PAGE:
Get Off the Car Payment Merry-Go-Round
Getting Out of an Upside Down Car
Dear Dollar Stretcher,
I was really scammed on my Durango and now I can't afford the lease payment of $900 plus a month. I don't know what to do. The dealership won't return my calls. I am in trouble and I can't get out.
Dear Dollar Stretcher,
I have a situation and I don't know what to do. I am in a vehicle that I am upside down in by $8,500. The vehicle is worth about $1,500. The vehicle is having a lot of mechanical problems and I have already spent over $3,000 to fix it. How can I trade the vehicle in and get a car payment that I can afford?
Many people are having trouble with their auto loans, leases or payments. In fact, according to Kelley Blue Book, nearly one third of all drivers owed more on their vehicles than they were worth. So a lot of people have similar problems.
And, our cars aren't the only place that we're seeing similar problems. Many homeowners are struggling to keep up with adjustable mortgage payments that are increasing. Much has been written on the troubles with the "sub-prime" mortgages.
We won't attempt to tell people how to get out of these situations. Partly because there's already been a lot written about it. And partly because there aren't any real good answers.
Once you're upside down in a car or living in a home that you can't afford, there's no easy solution. There is no painless way out. In fact, the choice is usually between taking your lumps now or putting them off and suffering even more later.
These problems usually have one of two causes: either the consumer bought something that required making payments that they couldn't afford, or in the interest of getting "affordable payments," they stretched out their payments, which left them owing more than the house or car was worth for a long time.
So let's see if we can't help people to avoid these painful situations. Like most disasters, there are some warning signs that the smart consumer can look for. Let's examine a few.
The first is a simple question: what if? Before you sign the papers to buy a house or car (and commit to the payment), ask yourself what would happen if you lost your job. Or got sick for awhile. Or became pregnant. Or any other significant life event. Would you be able to make your payments or would you have a crisis on your hands? Life happens. A wise person is not surprised when it does.
Another good question is: are you close to the edge? There are budget guidelines that suggest limits for spending on houses and cars. How close to that edge would this commitment take you? It's always wise to leave a margin for error. Don't let a salesperson convince you that you can spend more than the guideline and make it up somewhere else. It won't work. At least, it won't work for long.
When you're poised to take the keys to a shiny new car, it might seem like you won't miss your weekly Friday night dinner out with friends. But six months down the road you'll begin to resent the payment. It's easy to get talked into buying a house or car that you can't afford, but the salesperson will not be there when the payments begin to hurt. At that point, like CB, you'll be alone with your problem.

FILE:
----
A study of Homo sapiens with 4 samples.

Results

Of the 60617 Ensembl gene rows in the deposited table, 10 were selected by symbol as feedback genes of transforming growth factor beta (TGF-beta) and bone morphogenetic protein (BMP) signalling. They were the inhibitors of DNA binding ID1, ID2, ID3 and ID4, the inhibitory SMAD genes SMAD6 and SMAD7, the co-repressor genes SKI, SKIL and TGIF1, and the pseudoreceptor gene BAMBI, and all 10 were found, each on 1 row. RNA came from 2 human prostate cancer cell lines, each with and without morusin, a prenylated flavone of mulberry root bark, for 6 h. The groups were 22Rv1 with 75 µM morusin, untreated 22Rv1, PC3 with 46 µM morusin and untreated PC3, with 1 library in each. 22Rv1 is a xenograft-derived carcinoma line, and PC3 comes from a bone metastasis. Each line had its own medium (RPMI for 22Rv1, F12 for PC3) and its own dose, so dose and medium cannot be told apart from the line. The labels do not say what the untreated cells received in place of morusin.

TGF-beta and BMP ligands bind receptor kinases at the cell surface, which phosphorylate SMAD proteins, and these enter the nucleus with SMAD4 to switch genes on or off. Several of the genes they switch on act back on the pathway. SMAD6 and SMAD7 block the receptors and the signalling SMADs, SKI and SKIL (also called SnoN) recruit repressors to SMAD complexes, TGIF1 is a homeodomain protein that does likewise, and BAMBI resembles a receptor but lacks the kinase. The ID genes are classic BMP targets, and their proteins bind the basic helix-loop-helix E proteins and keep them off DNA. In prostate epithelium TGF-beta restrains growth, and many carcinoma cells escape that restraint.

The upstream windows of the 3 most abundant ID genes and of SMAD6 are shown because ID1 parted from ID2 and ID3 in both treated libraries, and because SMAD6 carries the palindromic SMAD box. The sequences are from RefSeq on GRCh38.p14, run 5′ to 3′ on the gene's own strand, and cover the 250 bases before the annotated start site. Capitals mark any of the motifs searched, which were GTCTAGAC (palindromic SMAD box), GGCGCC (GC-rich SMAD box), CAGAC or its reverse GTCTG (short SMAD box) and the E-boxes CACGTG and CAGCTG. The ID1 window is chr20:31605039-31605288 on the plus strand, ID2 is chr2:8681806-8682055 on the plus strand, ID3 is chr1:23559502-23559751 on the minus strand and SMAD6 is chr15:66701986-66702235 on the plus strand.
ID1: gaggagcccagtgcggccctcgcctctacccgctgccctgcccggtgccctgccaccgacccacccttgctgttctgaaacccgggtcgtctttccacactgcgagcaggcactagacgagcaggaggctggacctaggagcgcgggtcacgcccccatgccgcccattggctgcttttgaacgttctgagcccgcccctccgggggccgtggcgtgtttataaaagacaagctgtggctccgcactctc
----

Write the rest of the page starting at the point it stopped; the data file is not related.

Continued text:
Next question: How long could I be stuck? Sure, we all like "affordable payments." But usually that means that you're not paying enough (or any) principal, so you build up equity much more slowly.
It's hard to sell something if you owe more than it's worth. Yes, you can roll some "negative equity" into a newer car. But that only makes the underlying situation worse. Instead of being upside down for the first three years of the car loan, now it's four or five. Are you sure that you'll want to be driving it that far down the road?
Being stuck in a home could potentially be even worse. You may want to move to a new city for a job or to be with a sick relative. If you owe more than your home is worth, you could be without options.
How can you know whether you're upside down in your home or auto? The best way is to graph out the value of your home/auto and the amount of equity you have in it (i.e. the value of the item minus what you owe on it). Most consumers probably won't bother to do that.
The next best thing is to take a good guesstimate. For autos, you probably should figure that you'll be in negative territory until about the last year of your payments. Maybe two years if you have a newer car that holds its value well.
That works reasonably well for a car where you can predict future value. For your home, it's purely a matter of guessing what your home will be worth in the future. And, that's not nearly so easy. So if you do a zero down payment, interest only loan, you're completely dependent on the housing market. You have almost no control over your situation.
What's the morale to the story? It's a wise person who anticipates future problems and avoids decisions that could easily lead to pain later. They may live in a little smaller home and drive a little older car. But by avoiding problems, they actually have a better quality of life.
Gary Foreman is a former financial planner and purchasing manager who currently edits The Dollar Stretcher.com website and newsletters. He's been featured in MSN Money, Yahoo Finance, Fox Business, The Nightly Business Report and he's a regular contributor to US News Money and CreditCards.com. You can follow Gary on Twitter or visit Gary Foreman on Google+.